The Korf Blog

The inside story: our research,
Azimuth Adjustment Myths and Reality, Part II
In the previous blog post, we have started discussing azimuth alignment. We've seen the 3 typical cases of how it might go wrong, and have covered the first one in detail.

Today, we'll compare the 2 types of azimuth adjustment with poorly assembled cartridges, and decide which alignment is better: when the stylus is aligned and generator isn't, or when generator is aligned but stylus is askew? We will also see what exactly happens on the mechanical level when the stylus azimuth is wrong.

In the previous post, we came to the conclusion that in a correctly designed and adjusted playback system, the only source of static azimuth error is imprecision in cartridge assembly. Such alignment issues are, unfortunately, fairly common in expensive cartridges made by smaller companies.

Just how bad are these errors? Here is a photo by our reader Marco, who generously allowed us to use it. The cartridge shown is aligned like in case (c) so that the stylus is precisely vertical. This results in the body (and the generator) of the cartridge being slanted 3.3° left. I would say it is rather typical and isn't the worst case by far.

Assuming a specified channel separation of about 25 dB, slanting the generator 3.3° will decrease it by 6 dB to 19 dB. This is worse than a $35 AT95E, makes a joke of manufacturer's published specifications, and reinforces the argument that the cartridges with assembly azimuth error are defective.

What is better? Having a slanted generator or a slanted stylus?
So the effects of the alignment like in case (c) are pretty clear. Worse channel separation, more crosstalk. But what would happen if we align the generator perfectly and eliminate this crosstalk component? The stylus will be slanted by the same angle α, but it is that bad? What exactly happens when the stylus is not vertical?
It depends a lot on the stylus shape. For the following illustrations, we've taken the elliptical stylus as an example. With a conical (spherical) one, not much happens when the azimuth is off 1-5°. With more advanced shapes like line contact, Shibata, Gyger etc, the illustrations become too complex and detract from the gist of the matter.

Here is the normal perfectly aligned position. The stylus contacts the groove walls in two spots. When the stylus is vertical, those spots are symmetrical.
When the angle α is introduced, the shape of contact spots changes. In our case, the right one becomes shorter, but remains narrow. The left one, however, moves up the stylus, and thus becomes broader.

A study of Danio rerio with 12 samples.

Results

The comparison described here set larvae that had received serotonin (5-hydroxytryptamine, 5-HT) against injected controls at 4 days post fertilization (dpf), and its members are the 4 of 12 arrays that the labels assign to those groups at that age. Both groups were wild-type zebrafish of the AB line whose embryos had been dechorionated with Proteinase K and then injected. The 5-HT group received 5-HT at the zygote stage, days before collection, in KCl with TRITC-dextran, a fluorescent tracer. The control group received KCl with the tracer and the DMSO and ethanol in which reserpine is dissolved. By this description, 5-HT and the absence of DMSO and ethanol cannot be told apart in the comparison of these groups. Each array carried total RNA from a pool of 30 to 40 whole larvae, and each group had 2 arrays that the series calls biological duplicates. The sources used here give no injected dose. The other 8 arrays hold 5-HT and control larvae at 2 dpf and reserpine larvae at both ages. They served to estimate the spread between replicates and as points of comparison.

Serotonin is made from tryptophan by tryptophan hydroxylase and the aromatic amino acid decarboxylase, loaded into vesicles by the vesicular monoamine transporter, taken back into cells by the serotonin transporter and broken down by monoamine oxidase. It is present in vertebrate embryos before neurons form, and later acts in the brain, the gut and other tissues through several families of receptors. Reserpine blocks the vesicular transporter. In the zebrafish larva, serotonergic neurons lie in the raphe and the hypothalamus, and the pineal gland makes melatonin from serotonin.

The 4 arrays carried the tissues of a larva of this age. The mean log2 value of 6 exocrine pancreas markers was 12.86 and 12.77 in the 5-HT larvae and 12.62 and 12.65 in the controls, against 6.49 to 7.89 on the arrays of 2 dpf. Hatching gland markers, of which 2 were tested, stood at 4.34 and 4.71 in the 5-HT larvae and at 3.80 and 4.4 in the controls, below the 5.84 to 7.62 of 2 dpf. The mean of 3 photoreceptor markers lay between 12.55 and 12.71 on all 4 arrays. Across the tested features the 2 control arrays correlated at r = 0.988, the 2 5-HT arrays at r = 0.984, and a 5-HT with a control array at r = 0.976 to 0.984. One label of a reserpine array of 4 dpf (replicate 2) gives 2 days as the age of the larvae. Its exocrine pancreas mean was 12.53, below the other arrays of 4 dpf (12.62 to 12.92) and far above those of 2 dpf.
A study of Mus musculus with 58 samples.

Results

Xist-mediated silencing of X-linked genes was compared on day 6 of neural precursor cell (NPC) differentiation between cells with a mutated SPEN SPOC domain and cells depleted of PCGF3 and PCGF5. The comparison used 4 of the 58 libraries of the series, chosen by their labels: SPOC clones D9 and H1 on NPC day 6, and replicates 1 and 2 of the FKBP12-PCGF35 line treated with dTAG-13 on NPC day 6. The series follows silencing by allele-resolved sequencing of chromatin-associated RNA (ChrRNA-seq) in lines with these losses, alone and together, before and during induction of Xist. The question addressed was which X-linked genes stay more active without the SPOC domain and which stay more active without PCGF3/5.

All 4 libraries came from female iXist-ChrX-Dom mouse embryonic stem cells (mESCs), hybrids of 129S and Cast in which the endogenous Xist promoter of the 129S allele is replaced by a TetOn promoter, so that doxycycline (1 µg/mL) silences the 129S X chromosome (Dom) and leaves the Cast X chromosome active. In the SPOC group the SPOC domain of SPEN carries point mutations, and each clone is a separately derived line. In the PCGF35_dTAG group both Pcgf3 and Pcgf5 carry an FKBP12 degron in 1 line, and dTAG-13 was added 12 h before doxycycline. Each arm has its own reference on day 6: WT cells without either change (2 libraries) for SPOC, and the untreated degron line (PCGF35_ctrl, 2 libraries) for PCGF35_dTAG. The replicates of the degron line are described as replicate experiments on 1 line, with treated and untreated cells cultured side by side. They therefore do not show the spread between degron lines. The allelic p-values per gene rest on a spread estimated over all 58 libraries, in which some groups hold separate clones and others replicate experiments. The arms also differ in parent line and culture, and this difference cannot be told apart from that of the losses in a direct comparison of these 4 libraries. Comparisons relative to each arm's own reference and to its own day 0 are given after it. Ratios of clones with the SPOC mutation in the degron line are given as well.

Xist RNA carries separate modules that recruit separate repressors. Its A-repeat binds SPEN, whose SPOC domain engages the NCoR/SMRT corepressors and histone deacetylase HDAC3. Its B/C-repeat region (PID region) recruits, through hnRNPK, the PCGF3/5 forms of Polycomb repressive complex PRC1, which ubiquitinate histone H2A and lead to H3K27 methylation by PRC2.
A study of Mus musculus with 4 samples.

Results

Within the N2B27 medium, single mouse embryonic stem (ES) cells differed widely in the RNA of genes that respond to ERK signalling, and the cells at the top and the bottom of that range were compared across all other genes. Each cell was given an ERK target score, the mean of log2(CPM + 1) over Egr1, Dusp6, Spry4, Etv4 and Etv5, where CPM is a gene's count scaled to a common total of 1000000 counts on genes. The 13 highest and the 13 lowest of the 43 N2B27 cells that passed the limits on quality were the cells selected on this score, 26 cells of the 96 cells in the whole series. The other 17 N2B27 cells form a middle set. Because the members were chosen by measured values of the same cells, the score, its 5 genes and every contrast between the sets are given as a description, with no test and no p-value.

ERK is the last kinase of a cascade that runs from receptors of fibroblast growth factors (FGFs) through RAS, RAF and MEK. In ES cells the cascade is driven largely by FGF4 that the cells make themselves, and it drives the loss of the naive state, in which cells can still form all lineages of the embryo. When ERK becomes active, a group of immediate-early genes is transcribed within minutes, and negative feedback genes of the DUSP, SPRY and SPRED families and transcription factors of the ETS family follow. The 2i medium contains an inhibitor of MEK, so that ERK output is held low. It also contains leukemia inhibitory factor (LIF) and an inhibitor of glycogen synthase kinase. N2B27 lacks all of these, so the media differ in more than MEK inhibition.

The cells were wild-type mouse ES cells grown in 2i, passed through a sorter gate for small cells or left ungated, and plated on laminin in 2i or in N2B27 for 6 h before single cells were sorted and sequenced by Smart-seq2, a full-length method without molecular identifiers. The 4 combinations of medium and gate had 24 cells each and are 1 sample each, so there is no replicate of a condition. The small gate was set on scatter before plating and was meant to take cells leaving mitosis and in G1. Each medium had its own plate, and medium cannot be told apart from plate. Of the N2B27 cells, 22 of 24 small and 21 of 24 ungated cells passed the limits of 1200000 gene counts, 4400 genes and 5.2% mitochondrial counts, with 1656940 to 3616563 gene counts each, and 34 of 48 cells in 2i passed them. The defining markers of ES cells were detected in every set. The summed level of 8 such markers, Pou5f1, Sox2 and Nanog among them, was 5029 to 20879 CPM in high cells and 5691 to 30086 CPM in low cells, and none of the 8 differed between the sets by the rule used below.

Cartridge designers try to minimize the width of contact spots for many reasons. Introducing an azimuth angle, in effect, changes the stylus shape on one channel to a less advanced one. What are the effects?

First of all, high frequency reproduction is impacted. Broader contact patch equals earlier HF rolloff.

Second, harmonic distortion rises. The broader the contact patch, the more harmonics of a pure recorded signal are generated during playback.

Third, the tracking becomes worse. These small undulations in the groove wall that the broader contact patch can't trace push the stylus up, out of the groove.

And last but not least, channel separation degrades too. That additional unwanted vertical motion of the stylus is, by definition, registered in both channels. The effect is smaller than with a slanted generator, but it does exist.

So in effect we have a choice:
worse HF reproduction
more harmonic distortion
worse tracking
worse channel separation
worse channel separation
I think the answer is clear. And with more advanced stylus shapes, the effects in (b) become much worse.

But what tools can we use to align the cartridge like in (c) above? Measuring and minimizing crosstalk will give us (b) — and this is exactly what happened to our hapless friend whom we mentioned in the introduction to the previous post. How to do it right?

In the next blog posts, we'll share the tools and procedure we use at Korf Audio to achieve correct azimuth alignment. Stay with us!